Health plans wonder about their role in ACOs
■ Gathered in Chicago for a trade group conference, insurers discuss the possible drawbacks and barriers to the success of accountable care organizations.
By Emily Berry — Posted Nov. 29, 2010
Executives gathered for trade group America's Health Insurance Plans' annual fall forum in Chicago Nov. 8-10, in the middle of what session moderator and Health Affairs editor Susan Dentzer called "the silly season" for accountable care organizations.
Accountable care organizations are defined slightly differently depending on the source, but generally involve a combination of physicians and hospitals taking responsibility for a defined population, working together to improve care and cutting costs.
The Centers for Medicare & Medicaid Services is working on rules for ACOs that will determine exactly what clinical and financial benchmarks will quality ACOs for additonal payments. Under the health reform law, to be recognized by Medicare as an ACO, the organization must exist for a minimum of three years and serve at least 5,000 patients. Generally, all the participants share in the savings created, but models differ in how that happens. Physicians and hospitals do not need formal business affiliations with each other before forming an ACO.
As the "silly season" peaked during the last few months and the first pilots got running, the potential pitfalls and practical conundrums emerged. At the November AHIP meeting, insurance company executives talked through some of them.
Though ACOs are primarily defined as cooperative agreements between hospitals and physicians, health plans are keenly interested in the model and need to keep on top of developments because they will be the ones to reimburse the new entities for care.
Stephanie Kanwit, a former Federal Trade Commission attorney and a former general counsel for AHIP who is now a private consultant, moderated two conference sessions on ACOs. She listed several reasons why health plans will and should be involved in ACO development.
Health plans can track the health of large populations. They have the information technology infrastructure to help monitor the health of patients enrolled with an ACO. They are experts in managing networks like those used in an ACO. They can carry the financial risk that allows an ACO to move forward. And they are experienced in developing multiple insurance products for patients.
So, in one sense, plans have the expertise on hand to make ACOs work.
On the other hand, as Bruce Bagley, MD, medical director for quality improvement for the American Academy of Family Physicians, said, "There are probably no experts about ACOs. It's a developing concept."
As of this article's deadline, Medicare was preparing to release its ACO regulations, as required by the Patient Protection and Affordable Care Act. The Centers for Medicare & Medicaid Services plans to start the ACO three-year demonstration projects in January 2012.
Meanwhile, private plans, including Humana and Cigna, are piloting ACOs in the first forays for the industry. In each case, the plans joined with certain physicians and hospitals to provide care for the plans' members under the ACO. Physicians and hospitals would be paid on a fee-for-service basis but have a chance for extra money based on quality measures.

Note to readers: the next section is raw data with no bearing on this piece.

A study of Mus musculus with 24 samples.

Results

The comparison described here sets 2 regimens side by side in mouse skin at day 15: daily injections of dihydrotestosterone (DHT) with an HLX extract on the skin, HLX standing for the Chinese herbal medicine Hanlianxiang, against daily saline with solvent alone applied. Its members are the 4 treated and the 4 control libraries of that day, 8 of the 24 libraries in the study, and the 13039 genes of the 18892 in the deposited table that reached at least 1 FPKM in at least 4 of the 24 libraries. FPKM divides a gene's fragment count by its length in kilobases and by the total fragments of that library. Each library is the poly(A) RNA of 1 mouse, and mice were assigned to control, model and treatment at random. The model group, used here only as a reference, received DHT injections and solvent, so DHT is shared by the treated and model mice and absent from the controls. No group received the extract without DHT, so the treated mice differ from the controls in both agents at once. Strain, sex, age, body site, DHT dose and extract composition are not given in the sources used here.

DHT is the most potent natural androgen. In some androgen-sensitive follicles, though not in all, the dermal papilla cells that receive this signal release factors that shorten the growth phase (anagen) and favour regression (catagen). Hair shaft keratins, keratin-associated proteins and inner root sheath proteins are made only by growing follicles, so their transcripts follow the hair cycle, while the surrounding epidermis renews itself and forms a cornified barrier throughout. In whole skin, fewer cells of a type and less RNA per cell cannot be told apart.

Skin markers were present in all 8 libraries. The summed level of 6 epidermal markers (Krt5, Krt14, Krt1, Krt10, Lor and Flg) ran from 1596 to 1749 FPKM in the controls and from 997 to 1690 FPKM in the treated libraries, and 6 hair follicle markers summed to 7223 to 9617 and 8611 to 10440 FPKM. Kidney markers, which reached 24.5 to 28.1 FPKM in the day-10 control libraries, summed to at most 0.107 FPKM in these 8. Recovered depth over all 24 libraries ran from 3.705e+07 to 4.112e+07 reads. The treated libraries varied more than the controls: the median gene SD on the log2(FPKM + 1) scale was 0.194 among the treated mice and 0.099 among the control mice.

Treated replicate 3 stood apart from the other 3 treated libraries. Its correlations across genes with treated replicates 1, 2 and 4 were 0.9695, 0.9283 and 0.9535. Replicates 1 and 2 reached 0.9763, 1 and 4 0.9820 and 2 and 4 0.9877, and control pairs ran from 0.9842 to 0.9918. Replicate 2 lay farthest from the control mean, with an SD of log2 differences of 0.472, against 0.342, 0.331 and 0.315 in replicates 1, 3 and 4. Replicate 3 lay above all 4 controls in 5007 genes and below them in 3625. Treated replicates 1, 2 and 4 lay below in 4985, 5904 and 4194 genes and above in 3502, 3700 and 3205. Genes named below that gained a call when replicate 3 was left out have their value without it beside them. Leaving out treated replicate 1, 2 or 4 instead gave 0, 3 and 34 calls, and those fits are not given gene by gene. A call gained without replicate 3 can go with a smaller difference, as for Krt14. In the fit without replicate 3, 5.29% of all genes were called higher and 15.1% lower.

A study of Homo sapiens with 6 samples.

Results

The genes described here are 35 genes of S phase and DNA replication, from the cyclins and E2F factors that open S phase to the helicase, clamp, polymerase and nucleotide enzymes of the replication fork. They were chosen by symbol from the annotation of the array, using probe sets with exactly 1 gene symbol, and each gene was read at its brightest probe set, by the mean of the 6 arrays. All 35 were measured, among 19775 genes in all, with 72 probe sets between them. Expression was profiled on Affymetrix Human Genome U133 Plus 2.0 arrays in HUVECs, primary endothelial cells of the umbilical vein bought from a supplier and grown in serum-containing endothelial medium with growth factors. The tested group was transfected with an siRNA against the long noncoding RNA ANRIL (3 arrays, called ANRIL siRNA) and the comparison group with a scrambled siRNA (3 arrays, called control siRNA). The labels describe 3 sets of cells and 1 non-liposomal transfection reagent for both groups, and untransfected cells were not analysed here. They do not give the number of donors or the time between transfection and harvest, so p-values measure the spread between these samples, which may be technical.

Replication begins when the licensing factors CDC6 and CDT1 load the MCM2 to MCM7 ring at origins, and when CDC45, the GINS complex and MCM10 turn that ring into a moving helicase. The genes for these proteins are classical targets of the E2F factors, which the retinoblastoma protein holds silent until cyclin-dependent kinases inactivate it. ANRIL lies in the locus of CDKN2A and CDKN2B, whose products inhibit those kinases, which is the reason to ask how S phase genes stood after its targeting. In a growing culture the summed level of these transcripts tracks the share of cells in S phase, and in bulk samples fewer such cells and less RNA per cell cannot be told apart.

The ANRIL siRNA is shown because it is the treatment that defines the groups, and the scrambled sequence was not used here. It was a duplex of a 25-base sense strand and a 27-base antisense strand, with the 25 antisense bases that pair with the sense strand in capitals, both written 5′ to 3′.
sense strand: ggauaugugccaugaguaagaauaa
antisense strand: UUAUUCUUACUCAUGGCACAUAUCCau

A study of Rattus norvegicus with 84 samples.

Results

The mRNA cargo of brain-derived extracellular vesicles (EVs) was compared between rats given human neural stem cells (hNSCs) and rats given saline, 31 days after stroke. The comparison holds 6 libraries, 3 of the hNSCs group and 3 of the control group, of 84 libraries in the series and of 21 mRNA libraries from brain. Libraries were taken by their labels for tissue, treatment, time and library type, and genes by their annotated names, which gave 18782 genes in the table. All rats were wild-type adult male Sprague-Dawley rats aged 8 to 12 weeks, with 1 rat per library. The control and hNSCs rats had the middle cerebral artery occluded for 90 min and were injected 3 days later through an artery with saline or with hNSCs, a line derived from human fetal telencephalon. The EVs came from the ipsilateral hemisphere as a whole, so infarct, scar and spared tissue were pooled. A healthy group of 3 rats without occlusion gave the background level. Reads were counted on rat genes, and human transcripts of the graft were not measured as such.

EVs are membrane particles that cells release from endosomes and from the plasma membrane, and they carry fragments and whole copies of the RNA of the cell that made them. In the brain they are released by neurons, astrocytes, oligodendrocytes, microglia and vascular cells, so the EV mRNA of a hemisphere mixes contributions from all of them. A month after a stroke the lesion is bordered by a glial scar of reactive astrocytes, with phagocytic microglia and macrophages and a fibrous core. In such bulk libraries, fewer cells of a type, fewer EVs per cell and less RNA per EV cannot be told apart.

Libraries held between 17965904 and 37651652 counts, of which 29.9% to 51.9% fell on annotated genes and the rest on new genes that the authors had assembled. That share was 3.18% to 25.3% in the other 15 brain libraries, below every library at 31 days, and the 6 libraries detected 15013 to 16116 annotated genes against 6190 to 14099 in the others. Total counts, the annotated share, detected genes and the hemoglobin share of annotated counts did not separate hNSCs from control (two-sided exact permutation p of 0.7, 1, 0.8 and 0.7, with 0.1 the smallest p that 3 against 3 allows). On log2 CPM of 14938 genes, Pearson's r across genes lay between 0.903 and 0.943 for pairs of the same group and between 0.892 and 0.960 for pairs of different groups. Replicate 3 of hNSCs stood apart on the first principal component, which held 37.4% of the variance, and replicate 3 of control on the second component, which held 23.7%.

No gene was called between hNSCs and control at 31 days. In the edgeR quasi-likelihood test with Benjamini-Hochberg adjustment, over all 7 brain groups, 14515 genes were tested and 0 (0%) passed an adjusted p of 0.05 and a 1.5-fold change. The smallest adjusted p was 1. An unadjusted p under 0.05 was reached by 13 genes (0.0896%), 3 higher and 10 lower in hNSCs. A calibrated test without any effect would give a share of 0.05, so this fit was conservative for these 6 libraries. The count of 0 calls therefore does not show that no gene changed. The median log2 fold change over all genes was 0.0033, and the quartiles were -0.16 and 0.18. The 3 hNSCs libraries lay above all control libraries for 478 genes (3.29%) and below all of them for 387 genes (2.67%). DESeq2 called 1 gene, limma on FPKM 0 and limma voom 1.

But health plans also have some trepidation about ACOs.
Joining physicians and hospitals in an ACO creates the opportunity and pressure for the two groups to merge, experts said at the AHIP conference. In that way, pushing the ACO model could end up creating highly concentrated hospital and physician markets in which the large ACO groups can demand higher payments.
Jeff Goldsmith, PhD, a University of Virginia professor of public health sciences and president of Health Futures Inc., criticized ACOs as he addressed a standing-room-only audience at the AHIP meeting. He believes the ACO model will be bad for both physicians and health plans, in part because the way it is usually described doesn't eliminate fee-for-service payments or transfer financial risk to physicians or hospitals.
"I just think this is a stupid idea," he told the audience. "Managed care without the risk -- that's like gin and tonic without the gin. How do you end up making choices if you're not forced to make them?"
He thinks hospitals and physicians will have a hard time working together. "What aligning incentives means to hospital executives is: You work for me, and we'll do what I tell you to do," Goldsmith said.
In another ACO-focused session, Mary Ella Payne, vice president of System Legislative Leadership for Ascension Health, the largest nonprofit hospital system in the country, talked about how her system is approaching the ACO idea. Ascension, based in St. Louis, runs 70 hospitals in 20 states and has 30,000 affiliated physicians.
Ascension physicians and nurse leaders met in June and agreed that the status quo, fee-for-service system is unsustainable, Payne said. Even in the absence of a health reform bill pushing the idea, ACOs make sense, she said.
"Regardless of what happens with the big picture, we feel like we need to move ahead with reforming our delivery system," she said. "We felt we needed to do this because it's the right way to manage care for our patients."